Friends and Lethbridge Bulls teammates carry the casket at the funeral for Tanner Craswell in Charlottetown on Dec. 23, 2011. Mr. Craswell, teammate Mitch MacLean and Tabitha Stepple of Lethbridge, Alta. were killed in a roadside shooting in Alberta last week.


A teammate of Tanner Craswell's remembered the young man's uninhibited and affectionate nature on Friday as a second funeral was held in Prince Edward Island for a victim of a murder-suicide in Alberta.

Tyler Vavra said Mr. Craswell, a promising 22-year-old athlete, adored baseball but his heart remained close to his family in PEI while he played with the Lethbridge Bulls of the Western Major Baseball League.

"There was no better teammate," he told about 700 people who attended the service for Mr. Craswell at the Holy Redeemer Roman Catholic Church in Charlottetown.


Mr. Craswell, a student at Lethbridge College, was one of three young people who were gunned down last week on the side of a highway in Alberta.

A funeral for his friend and teammate, 20-year-old Mitch MacLean, was held Thursday just outside Charlottetown in the community of Winsloe. They were headed to the airport to return home for the holidays when they were shot by Derek Jensen before he turned the gun on himself.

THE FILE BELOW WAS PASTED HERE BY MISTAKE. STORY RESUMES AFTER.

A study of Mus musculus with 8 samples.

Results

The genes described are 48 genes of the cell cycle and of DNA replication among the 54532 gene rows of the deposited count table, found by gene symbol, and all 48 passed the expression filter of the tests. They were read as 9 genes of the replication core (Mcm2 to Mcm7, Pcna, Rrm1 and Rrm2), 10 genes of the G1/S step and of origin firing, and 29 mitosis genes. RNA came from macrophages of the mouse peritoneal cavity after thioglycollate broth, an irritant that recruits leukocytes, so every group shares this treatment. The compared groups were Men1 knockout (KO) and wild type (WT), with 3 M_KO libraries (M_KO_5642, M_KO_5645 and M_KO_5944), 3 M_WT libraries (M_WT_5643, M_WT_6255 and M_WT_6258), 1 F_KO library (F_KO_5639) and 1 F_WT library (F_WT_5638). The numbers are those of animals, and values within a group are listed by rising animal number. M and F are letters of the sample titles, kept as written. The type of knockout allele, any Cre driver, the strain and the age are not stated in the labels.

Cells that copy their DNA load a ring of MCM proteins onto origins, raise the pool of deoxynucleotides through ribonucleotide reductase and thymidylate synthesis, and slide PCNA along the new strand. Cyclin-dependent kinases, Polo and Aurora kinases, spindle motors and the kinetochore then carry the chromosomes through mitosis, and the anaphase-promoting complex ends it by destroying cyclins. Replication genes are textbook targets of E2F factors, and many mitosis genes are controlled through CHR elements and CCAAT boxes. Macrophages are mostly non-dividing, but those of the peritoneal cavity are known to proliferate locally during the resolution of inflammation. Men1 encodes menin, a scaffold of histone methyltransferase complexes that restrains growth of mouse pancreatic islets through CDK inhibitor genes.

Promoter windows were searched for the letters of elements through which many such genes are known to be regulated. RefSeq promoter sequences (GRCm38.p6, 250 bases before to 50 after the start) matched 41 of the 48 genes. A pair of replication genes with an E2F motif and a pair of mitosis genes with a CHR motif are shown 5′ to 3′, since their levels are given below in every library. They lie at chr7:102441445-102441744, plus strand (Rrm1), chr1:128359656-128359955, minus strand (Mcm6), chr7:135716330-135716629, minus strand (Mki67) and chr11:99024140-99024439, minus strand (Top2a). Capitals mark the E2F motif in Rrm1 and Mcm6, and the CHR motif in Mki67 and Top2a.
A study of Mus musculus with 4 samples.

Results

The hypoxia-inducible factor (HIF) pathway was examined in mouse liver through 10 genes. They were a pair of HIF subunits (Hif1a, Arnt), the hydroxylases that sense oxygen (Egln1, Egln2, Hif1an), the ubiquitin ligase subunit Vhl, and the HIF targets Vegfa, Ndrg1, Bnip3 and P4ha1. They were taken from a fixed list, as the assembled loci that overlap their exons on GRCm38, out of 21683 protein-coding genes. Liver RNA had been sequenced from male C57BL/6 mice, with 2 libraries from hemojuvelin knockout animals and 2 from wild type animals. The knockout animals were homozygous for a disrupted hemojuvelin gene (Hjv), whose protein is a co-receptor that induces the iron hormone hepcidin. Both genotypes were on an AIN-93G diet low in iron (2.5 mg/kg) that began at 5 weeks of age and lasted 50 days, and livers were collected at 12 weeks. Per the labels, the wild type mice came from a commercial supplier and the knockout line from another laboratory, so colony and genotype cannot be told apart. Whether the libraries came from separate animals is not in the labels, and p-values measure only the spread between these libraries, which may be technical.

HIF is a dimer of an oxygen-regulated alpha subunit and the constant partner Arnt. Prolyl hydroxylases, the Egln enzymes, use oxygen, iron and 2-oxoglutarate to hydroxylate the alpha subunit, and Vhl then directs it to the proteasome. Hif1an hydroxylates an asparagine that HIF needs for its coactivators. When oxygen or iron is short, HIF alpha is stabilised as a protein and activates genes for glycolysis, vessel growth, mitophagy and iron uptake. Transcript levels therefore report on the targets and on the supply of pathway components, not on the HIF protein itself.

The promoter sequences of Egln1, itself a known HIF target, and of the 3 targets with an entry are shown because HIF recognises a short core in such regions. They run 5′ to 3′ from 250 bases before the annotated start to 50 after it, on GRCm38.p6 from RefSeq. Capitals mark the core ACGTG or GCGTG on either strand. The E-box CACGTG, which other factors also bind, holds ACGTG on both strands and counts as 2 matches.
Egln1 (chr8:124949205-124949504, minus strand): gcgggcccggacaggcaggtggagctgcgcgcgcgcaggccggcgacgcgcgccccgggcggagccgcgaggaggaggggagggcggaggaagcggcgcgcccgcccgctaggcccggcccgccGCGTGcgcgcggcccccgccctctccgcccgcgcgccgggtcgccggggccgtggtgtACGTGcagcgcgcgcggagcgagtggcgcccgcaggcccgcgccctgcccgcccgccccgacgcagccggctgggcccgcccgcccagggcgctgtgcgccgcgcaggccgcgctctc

Mr. Jensen's ex-girlfriend, Tabitha Stepple of Lethbridge, was killed in the shooting and Shayna Conway, also of PEI, remains in hospital recovering from serious gunshot wounds. Police have said the shootings were motivated by Mr. Jensen's recent breakup with Ms. Stepple.

Mr. Vavra and Rev. Charlie Cheverie described Mr. Craswell as a young man who was comfortable throwing his arms around his mother and father, Cindy and Keith Craswell, and telling them he loved them.

Baseball players from across the country came to the services for Mr. Craswell and Mr. MacLean.

Lorne Carmichael, who coached Mr. Craswell in baseball and hockey on youth teams, said it's difficult for Islanders to understand what happened.


Mr. Carmichael said the funerals have drawn families and friends more closely together.

"People loved Tanner, loved the Macleans, loved the Craswells. The support would be there any time of the year," he said.

Travis Gaudet, a student at Dalhousie University in Halifax, said he'd played with Mr. Craswell on youth teams and provincial select teams.

"He had no problem showing his emotion, whether positive or negative. That's what you loved about him," he said.

"He'd get in fights with his dad on the field, or he'd be hugging his dad on the field. He didn't hide anything. He was 100 per cent himself the whole time.


Mr. Craswell's family mentioned the impact he had on others in the funeral program: "Tanner touched the lives of so many people. The family would like each of you here today to consider yourself an honorary pallbearer for him."

A verse on the back of the program beneath a photo of Mr. Craswell walking toward a baseball diamond read: "If tears could build a stairway and memories a lane I'd walk right up to heaven and bring you home again."